GALESBURG, Ill. (AP) — Luis Villa began working with handcrafted art in the country of Peru, crafting jewelry and weaving clothing to create his own forms of art. Though he had experience selling it in Peru, his new store, Asiri Handcrafted, is his first attempt at owning and operating an official store space.
Villa came to the United States in 2015 and met his wife, Jennifer McKenna, in Alexis. The two worked together to sell their goods at art shows and markets, and eventually decided it was time to open a store.
Villa now works with groups in Peru to bring their designs to his shop. The majority of the wares in his store are handcrafted at his home workshop, though he explains that even if he didn't physically stitch them together, the designs are also his. Collaboration is a big part of his process.
A key reason Villa opened the store now was the effect it will have on his family. With two kids, he felt it was time to move away from the traveling circuit of shows and find some stability and permanence in Galesburg.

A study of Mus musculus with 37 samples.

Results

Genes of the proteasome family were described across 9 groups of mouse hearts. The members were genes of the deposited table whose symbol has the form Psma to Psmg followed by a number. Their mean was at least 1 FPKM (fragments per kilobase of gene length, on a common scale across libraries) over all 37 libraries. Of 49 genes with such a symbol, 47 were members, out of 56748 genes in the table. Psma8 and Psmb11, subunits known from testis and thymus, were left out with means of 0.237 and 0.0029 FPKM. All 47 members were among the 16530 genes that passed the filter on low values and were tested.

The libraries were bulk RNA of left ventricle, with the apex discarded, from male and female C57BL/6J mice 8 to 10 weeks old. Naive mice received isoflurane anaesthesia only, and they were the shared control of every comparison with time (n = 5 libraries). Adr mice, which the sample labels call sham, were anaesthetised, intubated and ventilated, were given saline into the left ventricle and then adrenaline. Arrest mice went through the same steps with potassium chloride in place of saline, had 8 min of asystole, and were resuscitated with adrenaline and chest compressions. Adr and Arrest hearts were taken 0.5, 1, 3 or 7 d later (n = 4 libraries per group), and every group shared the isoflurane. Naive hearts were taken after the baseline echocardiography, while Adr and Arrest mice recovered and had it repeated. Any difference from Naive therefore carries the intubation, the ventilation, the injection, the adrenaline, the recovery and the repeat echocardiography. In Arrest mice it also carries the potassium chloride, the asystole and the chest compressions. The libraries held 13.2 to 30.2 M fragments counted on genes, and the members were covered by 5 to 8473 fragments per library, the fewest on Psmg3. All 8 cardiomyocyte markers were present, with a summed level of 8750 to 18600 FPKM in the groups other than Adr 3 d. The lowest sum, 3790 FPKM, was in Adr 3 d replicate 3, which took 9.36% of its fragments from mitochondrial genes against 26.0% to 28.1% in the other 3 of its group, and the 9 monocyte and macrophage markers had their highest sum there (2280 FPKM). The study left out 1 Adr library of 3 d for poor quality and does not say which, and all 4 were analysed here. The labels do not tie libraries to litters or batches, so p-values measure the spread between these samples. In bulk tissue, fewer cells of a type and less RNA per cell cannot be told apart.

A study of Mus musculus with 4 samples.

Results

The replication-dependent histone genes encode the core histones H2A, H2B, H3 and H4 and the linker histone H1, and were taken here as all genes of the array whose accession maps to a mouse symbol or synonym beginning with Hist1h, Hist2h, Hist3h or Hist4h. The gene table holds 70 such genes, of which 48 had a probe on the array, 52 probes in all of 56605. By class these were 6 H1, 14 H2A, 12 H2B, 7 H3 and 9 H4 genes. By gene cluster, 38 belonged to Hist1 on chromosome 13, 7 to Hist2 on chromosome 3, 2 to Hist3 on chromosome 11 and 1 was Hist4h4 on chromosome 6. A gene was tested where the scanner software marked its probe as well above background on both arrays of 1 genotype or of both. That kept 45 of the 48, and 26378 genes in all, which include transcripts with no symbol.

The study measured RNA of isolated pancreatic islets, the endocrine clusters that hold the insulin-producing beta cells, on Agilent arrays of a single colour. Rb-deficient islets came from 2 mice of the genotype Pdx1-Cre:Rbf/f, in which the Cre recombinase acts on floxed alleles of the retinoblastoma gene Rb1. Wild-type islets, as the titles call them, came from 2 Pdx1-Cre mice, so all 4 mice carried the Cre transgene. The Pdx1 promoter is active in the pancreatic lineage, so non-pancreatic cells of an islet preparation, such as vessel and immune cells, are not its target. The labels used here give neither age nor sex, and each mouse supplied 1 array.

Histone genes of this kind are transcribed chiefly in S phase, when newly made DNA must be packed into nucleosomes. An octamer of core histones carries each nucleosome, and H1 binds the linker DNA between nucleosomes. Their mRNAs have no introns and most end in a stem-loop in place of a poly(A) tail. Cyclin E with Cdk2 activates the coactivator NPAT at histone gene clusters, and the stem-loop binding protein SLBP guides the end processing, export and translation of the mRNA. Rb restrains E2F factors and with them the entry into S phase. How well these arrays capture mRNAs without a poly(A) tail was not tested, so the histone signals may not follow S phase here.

"I have two kids now; it's made things different," Villa said. "I want to be able to provide for them and the family in Alexis, too."
Villa recalls the effort put into making the materials he sells in his store — he took a boat through the Amazon River to fetch some of the items, for example.
A few of the blankets in the store were handmade, painted and stitched in Peru. Villa sees the quality and authenticity of his products as a large selling point and what sets his store apart.
"Those things are special to us and have a special story," McKenna said. "But I'll admit, it's still hard to see some of the bigger pieces go."
Even though the items in stock are of such a significant origin to Villa, he says he has no problem letting them go. Instead, he sees them as waiting for the right person to come into the store. He remembers many times when a customer would come through, try on an item and know immediately that a connection was formed. That, for Villa, is the goal of his art.
"My art is for the people," Villa said. "That's what I do all of this for."
Moving forward, Villa's only immediate goal is to continue growing. He is excited about the space and location the store was able to secure in downtown Galesburg, and he hopes it is a good first step to growing larger over time. If the store expands in the future, he says it will be a way to bring in even more pieces of art for the town to see.
"I think people are really going to like what they see," Villa said. "This art is art of the spirit. It's not made quickly; it's made with heart."